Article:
What are you doing now?
Right now, I’m one semester away from finishing my M.A. in Leadership in Student Affairs at the University of St. Thomas. I currently work as a graduate assistant at St. Thomas in the Department of Campus Life. I also have a few side hustles: I clean at a yoga studio and I work for Warby Parker as a Sales Advisor slingin’ specs.
How did your Hope English education shape you?
In addition to English, I majored in French and minored in Studio Art. After I decided to pursue English, my ability to write and communicate took a sharp turn for the better. All three academic areas overlap, but each one broadened my knowledge in a unique way. The nuance required to create art deepened my writing not only as a form of effective communication but also as an outlet of artistic creativity. Learning to give and receive criticism in my writing helped me articulate feedback to peers in different studio classes.
Since my time at Hope, I have carried with me all the practical tools the English department gave me: effective communication, quality writing, and critical thinking needed to understand complex issues. I remember certain classes making me a more thoughtful and empathetic human (shout out to Dr. Cole’s Modern Global Literature). I learned a lot more than sentence structure or how to write a good paper; I learned how to better understand my own self through the stories of others.
What advice would you give to current English majors or students considering an English major?
To current English majors: have faith that you will find meaningful and valuable work after graduation. I cannot count how many people questioned my academic choices as an undergrad. Research exists (no, I’m not citing sources here but it does) articulating the strengths of not only a liberal arts education, but specifically the humanities. I promise you your English major will not leave you less qualified for a job.
To prospective English majors: trust your gut and give it a shot. At a liberal arts institution, you have the freedom to experience different academic departments that students in comprehensive or major research-intensive universities do not. Core requirements are designed to send you out with a well-rounded education, and I cannot tell you how valuable that is.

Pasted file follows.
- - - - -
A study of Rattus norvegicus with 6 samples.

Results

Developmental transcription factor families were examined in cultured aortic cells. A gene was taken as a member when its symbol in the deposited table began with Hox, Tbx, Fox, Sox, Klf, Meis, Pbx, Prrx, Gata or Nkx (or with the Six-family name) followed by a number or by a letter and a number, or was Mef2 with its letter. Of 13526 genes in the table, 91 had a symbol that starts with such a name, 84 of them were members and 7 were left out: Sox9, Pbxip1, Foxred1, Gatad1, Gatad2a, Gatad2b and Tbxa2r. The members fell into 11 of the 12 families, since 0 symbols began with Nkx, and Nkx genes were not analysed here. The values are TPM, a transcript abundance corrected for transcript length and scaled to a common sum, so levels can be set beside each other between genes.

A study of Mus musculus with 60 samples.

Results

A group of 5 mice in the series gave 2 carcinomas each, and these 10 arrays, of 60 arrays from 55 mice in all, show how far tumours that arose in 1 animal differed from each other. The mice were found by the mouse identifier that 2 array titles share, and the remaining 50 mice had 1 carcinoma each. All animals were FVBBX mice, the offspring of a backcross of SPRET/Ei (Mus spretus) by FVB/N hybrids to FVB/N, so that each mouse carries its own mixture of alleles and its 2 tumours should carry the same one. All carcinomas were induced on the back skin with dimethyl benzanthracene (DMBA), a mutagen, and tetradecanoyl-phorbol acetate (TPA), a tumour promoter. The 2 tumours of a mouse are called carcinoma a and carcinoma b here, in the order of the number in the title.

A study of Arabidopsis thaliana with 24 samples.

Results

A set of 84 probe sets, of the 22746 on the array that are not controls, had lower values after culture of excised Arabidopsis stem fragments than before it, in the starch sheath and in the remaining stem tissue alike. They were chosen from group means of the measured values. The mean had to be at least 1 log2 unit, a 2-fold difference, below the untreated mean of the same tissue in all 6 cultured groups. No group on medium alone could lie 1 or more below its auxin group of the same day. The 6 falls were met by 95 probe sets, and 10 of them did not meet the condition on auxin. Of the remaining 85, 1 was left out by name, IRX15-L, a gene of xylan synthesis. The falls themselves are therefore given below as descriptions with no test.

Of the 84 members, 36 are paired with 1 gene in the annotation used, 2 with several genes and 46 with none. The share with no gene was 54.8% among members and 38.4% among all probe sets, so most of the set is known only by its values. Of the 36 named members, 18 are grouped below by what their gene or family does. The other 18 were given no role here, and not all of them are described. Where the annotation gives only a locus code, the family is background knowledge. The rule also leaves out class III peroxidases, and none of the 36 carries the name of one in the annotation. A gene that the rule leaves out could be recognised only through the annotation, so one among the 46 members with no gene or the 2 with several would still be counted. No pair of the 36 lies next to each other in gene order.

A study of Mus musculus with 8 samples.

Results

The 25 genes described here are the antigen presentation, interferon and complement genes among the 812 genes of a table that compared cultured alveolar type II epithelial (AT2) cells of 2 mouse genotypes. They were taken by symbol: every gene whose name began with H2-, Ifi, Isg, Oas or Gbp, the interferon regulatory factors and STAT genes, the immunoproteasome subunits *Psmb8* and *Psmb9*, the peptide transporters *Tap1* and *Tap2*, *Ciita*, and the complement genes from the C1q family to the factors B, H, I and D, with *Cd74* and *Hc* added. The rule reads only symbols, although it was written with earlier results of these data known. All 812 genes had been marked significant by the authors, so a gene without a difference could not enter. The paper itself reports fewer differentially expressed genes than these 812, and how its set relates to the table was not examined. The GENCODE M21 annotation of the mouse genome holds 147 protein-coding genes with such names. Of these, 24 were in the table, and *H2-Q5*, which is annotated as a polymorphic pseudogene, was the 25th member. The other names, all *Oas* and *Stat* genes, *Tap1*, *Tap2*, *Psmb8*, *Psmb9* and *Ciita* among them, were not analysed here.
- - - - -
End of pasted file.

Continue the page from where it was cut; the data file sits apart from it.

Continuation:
I often refer to the humanities as offering “vocational prep” as opposed to “pre-professional prep” (the way a pre-med program might, for example). You will learn valuable skills needed for a wide-variety of fields and professions; transferrable skills are essential in the work force and being able to articulate them clearly and concisely will go a long way.
If you could teach any English class, what would be the subject?
Some might vehemently disagree with me for this, but I firmly believe history will look back on J.K. Rowling’s writing the way we today look back at J.R.R. Tolkien or C.S. Lewis. There’s a Lewis quote that says “A good children’s story that can only be enjoyed by children is not a good children’s story in the slightest.” (Again, I’m not citing but trust me). If I were to teach a course, I would use the Harry Potter books as the central texts while filling out a syllabus with other children’s authors as well.
Favorite book read recently or in college?
The first book that comes to mind is Silence by Shusaku Endo. Dr. Cole introduced this text in Modern Global Literature and it upended my world. Endo tells the story of a Portuguese missionary in the 17th century who travels to Japan to spread the Christian faith. The book (and Dr. Cole’s teaching) made me look inward, questioning my motivations both professionally and socially, which ultimately changed the course of my college education.